The first HUD chief, Robert C. Weaver—who was also the first African-American appointed to the presidential cabinet—was widely respected as a prominent expert in housing issues, and had served as the administrator of the Housing and Home Finance Agency (the predecessor to HUD) in the Kennedy Administration before President Lyndon B. Johnson nominated him in 1966 to run the department. But his successor, former auto industry executive and Michigan Gov. George Romney, came to HUD in 1969 with no specific housing policy focus or experience, and his appointment was widely seen as an effort by President Richard Nixon to marginalize a political rival. (Both Romney and Nixon sought the 1968 Republican presidential nomination.)
The next HUD secretaries, James Lynn (who served from 1973 to 1975) and Carla T. Hills (who served from 1975 to 1977), were high-profile attorneys without housing experience. President Jimmy Carter’s choice of Patricia Roberts Harris as HUD secretary made history because she was the first African-American woman cabinet member. But while her previous career included such notable achievements as dean of Howard University Law School and U.S. Ambassador to Luxembourg, she had no specific housing policy experience.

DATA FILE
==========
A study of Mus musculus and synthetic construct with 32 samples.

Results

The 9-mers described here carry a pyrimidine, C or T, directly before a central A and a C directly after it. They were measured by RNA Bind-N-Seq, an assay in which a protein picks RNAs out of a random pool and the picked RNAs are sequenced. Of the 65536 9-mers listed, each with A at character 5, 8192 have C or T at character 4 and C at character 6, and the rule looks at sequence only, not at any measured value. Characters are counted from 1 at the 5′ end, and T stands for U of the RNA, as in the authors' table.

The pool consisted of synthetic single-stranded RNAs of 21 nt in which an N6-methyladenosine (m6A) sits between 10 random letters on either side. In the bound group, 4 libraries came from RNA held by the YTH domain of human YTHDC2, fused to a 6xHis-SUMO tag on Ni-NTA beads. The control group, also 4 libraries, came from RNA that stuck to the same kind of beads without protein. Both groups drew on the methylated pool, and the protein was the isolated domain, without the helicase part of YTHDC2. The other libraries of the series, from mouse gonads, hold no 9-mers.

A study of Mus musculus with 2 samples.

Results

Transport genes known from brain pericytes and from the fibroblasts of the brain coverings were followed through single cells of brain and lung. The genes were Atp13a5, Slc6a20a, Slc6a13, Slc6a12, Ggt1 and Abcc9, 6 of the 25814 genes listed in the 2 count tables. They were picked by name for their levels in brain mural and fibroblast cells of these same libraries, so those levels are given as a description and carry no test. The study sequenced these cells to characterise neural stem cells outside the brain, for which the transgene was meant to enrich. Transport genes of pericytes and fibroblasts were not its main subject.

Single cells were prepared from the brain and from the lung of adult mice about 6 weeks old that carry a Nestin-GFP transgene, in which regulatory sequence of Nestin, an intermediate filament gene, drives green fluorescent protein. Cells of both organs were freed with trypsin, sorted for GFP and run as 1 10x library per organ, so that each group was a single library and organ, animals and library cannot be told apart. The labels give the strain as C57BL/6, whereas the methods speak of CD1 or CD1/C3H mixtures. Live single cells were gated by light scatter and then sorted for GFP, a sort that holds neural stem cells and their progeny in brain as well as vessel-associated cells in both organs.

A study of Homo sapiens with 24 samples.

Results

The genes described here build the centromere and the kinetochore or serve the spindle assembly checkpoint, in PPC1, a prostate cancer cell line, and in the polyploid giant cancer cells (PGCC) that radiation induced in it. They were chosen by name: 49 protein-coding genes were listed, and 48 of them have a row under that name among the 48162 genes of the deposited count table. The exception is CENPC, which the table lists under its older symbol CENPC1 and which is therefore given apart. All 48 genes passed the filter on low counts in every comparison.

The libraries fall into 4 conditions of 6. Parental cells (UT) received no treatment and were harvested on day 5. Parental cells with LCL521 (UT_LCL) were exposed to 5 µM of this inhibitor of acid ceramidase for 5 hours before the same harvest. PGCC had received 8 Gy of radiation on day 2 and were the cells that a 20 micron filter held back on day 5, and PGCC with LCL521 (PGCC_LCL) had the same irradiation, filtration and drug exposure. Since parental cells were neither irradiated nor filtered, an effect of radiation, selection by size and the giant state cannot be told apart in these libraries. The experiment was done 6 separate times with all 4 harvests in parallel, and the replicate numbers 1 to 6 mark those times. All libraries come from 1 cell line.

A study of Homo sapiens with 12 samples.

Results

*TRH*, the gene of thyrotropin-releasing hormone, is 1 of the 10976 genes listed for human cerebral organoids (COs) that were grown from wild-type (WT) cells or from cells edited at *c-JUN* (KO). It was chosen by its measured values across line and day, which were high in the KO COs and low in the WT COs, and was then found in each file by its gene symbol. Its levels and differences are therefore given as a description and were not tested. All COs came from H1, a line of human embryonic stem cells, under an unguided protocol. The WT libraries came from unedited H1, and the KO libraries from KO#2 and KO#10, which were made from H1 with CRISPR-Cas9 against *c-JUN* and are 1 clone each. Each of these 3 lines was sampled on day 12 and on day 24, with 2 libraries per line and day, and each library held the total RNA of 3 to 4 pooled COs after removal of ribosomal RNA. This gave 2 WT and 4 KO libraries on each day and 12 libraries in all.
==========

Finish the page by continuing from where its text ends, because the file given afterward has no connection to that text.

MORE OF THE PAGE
After Harris’ tenure, the leadership role at HUD was often given to rising figures in the political spectrum (Henry Cisneros, Mel Martinez, Andrew Cuomo, Julian Castro) or established figures in politics and corporate America (Moon Landrieu, Samuel Pierce, Jack Kemp, Steve Preston), but none of these individuals were considered housing experts.
In the past three decades, only two HUD secretaries had any substantial housing experience: Alphonso Jackson, who served under President George W. Bush, was formerly president and CEO of the Dallas Housing Authority, while Shaun Donovan, who was the first HUD chief in the current administration, was the commissioner of the New York City Department of Housing Preservation and Development.